Social conservatives feel strong momentum at Values Voter Summit

Social conservatives feel strong momentum at Values Voter Summit

As former House Speaker Newt Gingrich (R) railed against the Washington “elites,” activists gathered in the nation’s capital Saturday said they see strong momentum for social conservatism in the November elections.

Gingrich, who may seek a 2012 presidential run, declared that the “establishment is in such a state of shock” in front of hundreds of conservative activists who gathered in Washington for the Family Research Council’s annual Values Voter Summit.


Gingrich credited Sen. Jim DeMint (R-S.C.) and Sarah Palin (R), the former governor of Alaska and vice presidential candidate, with helping conservative candidates storm the election scene this year.

“I am a great passionate believer in the wisdom of the American people over time. We occasionally make mistakes...2008 was an example," Gingrich told the audience, which gave him several standing ovations during his address.

While government spending has been the crucial point of attack by conservative and Tea Party candidates, summit attendees who spoke with The Hill indicated that conservative values will also play a key role in the November election.

Social conservatism is “going to play a huge role,” said Phyllis Schlafly, the president of the Eagle Forum who gained attention for her opposition to the Equal Rights Amendment.

“The fiscal conservatives have got to ask what is the money being spent on and the money is being spent on social issues,” she said in an interview Saturday. “So where is the money being spent that the fiscal conservatives are complaining about? It is being spent to remedy the social issues.”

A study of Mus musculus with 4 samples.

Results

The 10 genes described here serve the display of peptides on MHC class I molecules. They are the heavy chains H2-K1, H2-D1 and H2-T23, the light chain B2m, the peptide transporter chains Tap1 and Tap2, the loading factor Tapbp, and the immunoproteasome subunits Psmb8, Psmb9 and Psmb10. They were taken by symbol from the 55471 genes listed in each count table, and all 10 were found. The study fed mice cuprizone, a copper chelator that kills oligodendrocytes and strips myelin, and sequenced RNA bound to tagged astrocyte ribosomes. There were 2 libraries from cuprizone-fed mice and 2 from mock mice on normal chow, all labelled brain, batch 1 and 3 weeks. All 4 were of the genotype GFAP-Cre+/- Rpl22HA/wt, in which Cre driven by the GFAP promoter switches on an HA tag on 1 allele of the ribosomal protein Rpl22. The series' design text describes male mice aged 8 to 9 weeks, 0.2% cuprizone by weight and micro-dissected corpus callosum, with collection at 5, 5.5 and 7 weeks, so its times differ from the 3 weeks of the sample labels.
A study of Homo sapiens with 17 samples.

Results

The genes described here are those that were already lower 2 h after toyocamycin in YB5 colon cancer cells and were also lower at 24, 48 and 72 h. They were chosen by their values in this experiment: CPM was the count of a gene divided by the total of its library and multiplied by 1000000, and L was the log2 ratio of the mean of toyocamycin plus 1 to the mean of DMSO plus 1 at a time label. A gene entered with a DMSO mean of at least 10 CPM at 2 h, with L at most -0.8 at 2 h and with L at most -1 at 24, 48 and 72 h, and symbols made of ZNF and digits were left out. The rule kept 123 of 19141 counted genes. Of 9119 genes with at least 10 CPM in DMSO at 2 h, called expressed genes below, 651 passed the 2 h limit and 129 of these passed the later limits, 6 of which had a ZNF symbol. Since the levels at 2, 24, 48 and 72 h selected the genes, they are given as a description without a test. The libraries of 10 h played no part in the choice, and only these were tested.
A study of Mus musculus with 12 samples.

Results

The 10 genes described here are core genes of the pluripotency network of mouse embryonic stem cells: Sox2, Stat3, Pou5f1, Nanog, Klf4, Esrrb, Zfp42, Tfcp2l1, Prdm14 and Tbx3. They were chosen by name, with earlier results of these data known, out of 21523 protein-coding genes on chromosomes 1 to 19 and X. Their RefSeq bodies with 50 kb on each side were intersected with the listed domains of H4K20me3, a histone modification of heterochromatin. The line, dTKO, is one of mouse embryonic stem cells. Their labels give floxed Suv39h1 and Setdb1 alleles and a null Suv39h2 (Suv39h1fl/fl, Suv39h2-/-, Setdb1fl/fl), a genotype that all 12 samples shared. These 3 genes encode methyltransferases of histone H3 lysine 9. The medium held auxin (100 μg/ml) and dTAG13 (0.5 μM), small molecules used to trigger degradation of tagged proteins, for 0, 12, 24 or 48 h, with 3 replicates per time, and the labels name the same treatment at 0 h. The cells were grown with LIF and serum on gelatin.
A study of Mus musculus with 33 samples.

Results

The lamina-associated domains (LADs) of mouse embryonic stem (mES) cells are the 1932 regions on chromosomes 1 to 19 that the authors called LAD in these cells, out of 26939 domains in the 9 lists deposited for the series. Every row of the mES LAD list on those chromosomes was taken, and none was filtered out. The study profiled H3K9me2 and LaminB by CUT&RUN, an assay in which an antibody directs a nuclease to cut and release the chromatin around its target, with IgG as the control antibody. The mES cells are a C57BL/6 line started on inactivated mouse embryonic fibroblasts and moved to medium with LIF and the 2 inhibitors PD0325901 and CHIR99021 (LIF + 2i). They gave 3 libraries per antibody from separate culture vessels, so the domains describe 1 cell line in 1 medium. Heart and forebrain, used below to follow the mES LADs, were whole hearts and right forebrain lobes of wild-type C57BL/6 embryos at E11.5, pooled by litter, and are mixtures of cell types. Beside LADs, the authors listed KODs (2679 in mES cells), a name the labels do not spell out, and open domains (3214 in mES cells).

Democrats recently have called on the GOP to renounce Schlafly for comments she made this summer at a fundraiser about unmarried women giving their overwhelming support for President Obama, according to reports from Talking Points Memo. Schlafly endorsed some 60 Republican candidates this year.

Schlafly said on Saturday that the Tea Party candidates are welcome to the “conservative movement.”

“We need everybody and I hope that everybody joins the battle to elect a conservative Congress this year,” she added.

During his speech, Gingrich said that those currently in power now, "the elites," are "wrong about the values" that define Americans. He called on "everybody who cares about America's future to replace the elites" with "common-sense grass-roots Americans" who understand "the truth."

Filipe Da Costa, an industrial engineer from Ball Ground, Ga., predicted that the GOP momentum this year would be “stronger” than the 1994 Republican win that ultimately allowed Gingrich to become Speaker of the House.

“We’ll take the House and the Senate. The momentum will carry us in the White House,” said Da Costa who was wearing a red “Team Huck” (for former Arkansas Gov. Mike Huckabee).

“Values and fiscal responsibility go hand in hand,” he added.

Larry Smith from Newport Beach, Calif., said that he is sensing a “tremendous amount of unhappiness” in the electorate.

“People are concerned right now with the fiscal [problems],” he said. “They will realize that the people that tend to be most conservative fiscally are the ones that are also most conservative socially. If they want to discontinue the trends that they have seen over the last 18 months they better bear that in mind.”

Gingrich made an appeal to the crowd of conservative activists on Saturday to “change history.”

Meanwhile, Virginia Gov. Bob McDonnell (R), a darling of conservatives who spoke right after Gingrich on Saturday, urged strong voter turnout this November to help elect "a strong conservative leadership."

McDonnell said that the United States is undergoing a "conservative renaissance."

"Democracy is not a spectator sport," McDonnell said, stressing that Americans should vote for people who believe in limited government and help "unleash" the power of entrepreneurs, small businesses and innovators to stimulate the economy.